Ukip would 'consider' election deal with Conservatives in return for referendum promise
UK Independence Party (Ukip) leader Nigel Farage today said he was ready to do an electoral deal with the Conservatives in return for a promise “written in blood” of an in/out referendum on British membership of the European Union (EU).
Mr Farage denied reports that he was offering the Tories a deal under which Ukip would give Conservative candidates a clear run at the 2015 election in return for a referendum pledge, and promised members that he would not "sell short" the party.
But in his keynote speech to the Ukip annual conference in Birmingham, he said it would be "silly" of Ukip not to consider any offers made by the Conservatives - or even Labour.
He predicted that Deputy Prime Minister Nick Clegg would be appointed a European Commissioner ahead of the election, leaving the Tories facing a possible coalition between Labour and the Liberal Democrats under a more left-wing leader like Vince Cable or Tim Farron, and in need of allies.
Mr Farage told Ukip delegates: "If an opportunity came which meant that we could get this country closer to walking through a door marked 'UK independence', if we had an opportunity to do something that was in our national interest, it would be silly not at least to consider it.
"Is that going to happen? I don't know. As the general election approaches, people will be looking for supporters. It could be Labour - more likely, perhaps, it will be the Conservatives.
"But all this talk of a deal with the Conservatives hasn't come from me. It has come from members of the Conservative Party saying to David Cameron 'Look, the Lib Dems are going to get rid of Clegg, because you are going to make him the European Commissioner in November 2014 to replace Baroness Ashton, and the Lib Dems under Vince Cable or Tim Farron will look to do a deal with Labour, and if Ukip are on 10% or more in the polls, you must look to do a deal with Ukip'.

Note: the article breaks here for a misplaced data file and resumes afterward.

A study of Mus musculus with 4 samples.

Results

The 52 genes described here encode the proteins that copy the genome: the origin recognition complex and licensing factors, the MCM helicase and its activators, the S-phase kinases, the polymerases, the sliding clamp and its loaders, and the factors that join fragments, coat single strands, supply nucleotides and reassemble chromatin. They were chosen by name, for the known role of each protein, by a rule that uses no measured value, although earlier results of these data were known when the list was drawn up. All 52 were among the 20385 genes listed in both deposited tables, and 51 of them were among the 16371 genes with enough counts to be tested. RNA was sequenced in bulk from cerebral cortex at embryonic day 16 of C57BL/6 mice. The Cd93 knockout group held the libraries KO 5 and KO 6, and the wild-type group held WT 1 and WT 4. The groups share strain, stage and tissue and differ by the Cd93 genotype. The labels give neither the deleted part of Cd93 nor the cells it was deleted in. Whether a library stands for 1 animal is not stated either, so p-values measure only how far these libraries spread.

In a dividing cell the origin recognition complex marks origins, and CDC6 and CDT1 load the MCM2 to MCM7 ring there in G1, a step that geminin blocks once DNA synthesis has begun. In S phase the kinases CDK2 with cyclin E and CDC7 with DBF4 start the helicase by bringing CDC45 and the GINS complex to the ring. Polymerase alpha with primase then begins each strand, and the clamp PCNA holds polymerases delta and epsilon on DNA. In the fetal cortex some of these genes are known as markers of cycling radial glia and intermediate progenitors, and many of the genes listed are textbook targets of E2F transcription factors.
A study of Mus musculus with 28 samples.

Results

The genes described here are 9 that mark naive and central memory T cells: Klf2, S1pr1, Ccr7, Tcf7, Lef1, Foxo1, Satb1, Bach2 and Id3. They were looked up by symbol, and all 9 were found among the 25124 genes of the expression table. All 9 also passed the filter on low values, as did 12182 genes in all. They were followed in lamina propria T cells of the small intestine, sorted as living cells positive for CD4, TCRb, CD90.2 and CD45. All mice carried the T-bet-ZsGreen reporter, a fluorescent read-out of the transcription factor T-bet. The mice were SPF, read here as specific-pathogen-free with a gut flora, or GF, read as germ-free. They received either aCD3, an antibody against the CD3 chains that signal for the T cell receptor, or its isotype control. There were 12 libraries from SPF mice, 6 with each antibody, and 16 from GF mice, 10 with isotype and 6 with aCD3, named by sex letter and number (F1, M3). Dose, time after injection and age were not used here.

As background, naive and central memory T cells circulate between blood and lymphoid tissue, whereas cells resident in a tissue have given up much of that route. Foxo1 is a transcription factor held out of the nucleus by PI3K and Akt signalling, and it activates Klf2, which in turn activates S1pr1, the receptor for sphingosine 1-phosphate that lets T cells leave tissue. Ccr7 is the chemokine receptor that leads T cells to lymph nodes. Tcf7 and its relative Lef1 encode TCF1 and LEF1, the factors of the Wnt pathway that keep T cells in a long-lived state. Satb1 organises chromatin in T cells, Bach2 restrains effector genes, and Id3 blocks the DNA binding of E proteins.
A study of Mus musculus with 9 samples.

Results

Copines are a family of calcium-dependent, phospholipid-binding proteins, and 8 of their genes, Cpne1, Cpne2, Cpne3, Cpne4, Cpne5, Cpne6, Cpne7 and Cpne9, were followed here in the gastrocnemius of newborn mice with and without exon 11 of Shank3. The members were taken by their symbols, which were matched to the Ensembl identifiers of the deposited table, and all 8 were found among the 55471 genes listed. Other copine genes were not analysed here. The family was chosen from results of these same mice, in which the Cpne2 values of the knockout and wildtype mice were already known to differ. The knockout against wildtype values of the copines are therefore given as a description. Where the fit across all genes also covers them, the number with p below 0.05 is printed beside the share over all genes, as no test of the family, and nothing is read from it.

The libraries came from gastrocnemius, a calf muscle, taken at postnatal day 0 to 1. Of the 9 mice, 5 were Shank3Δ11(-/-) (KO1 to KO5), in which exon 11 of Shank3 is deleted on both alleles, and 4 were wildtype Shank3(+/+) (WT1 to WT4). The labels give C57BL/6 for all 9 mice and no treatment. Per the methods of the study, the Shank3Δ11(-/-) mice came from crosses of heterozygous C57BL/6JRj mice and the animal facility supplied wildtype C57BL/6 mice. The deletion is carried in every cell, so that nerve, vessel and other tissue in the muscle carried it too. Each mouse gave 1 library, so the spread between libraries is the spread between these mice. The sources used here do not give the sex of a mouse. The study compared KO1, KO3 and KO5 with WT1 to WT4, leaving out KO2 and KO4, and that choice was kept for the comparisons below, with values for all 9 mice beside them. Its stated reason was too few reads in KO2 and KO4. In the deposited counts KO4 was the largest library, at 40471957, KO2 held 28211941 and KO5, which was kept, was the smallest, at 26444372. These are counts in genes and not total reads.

"That's where this whole supposed negotiation comes from."
Mr Farage insisted that Ukip will remain an independent and distinctive political party, fighting elections for police commissioners later this year, as well as parliamentary by-elections, county council elections and the 2014 European Parliament elections, when observers believe the eurosceptic party could finish second or even first.
He said that he might not even be willing to accept the promise of a referendum, recalling that Mr Cameron offered a "cast-iron guarantee" of a national vote on the Lisbon Treaty before the 2010 election.
He said: "Having spent nearly 20 years of hard work, sacrifice and much mockery building Ukip into a political brand in this country that is now connecting with millions of ordinary men and women out there, you have my absolute assurance that I am not going to sell this party short for any political gain - there's absolutely no way on earth that I would do that.
"The only way that we would even consider a negotiation of any kind at all would be if an absolute promise was made to give this country a full, free and fair referendum, so we could decide whether we remain members of the EU or not - that would have to be on the table before we would even consider any proposal and we would possibly have a problem even then.
"There are one or two people in politics who make promises and then break them, so I don't think a cast-iron guarantee would satisfy Ukip. I think, at a minimum, it would have to be written in blood."
Mr Cameron did not call a referendum on the Lisbon Treaty, as it had been ratified by the time the coalition Government came to power.
But he has legislated to require a public vote on any future EU treaty which transfers power from Westminster to Brussels.
Mr Farage said that it was almost inevitable that a referendum would be held if the EU pushed ahead with recent proposals from European Commission president Jose Manuel Barroso for a federation of nation states.
But he said that this would produce "the wrong referendum", as it would not include the option of the UK leaving the EU altogether.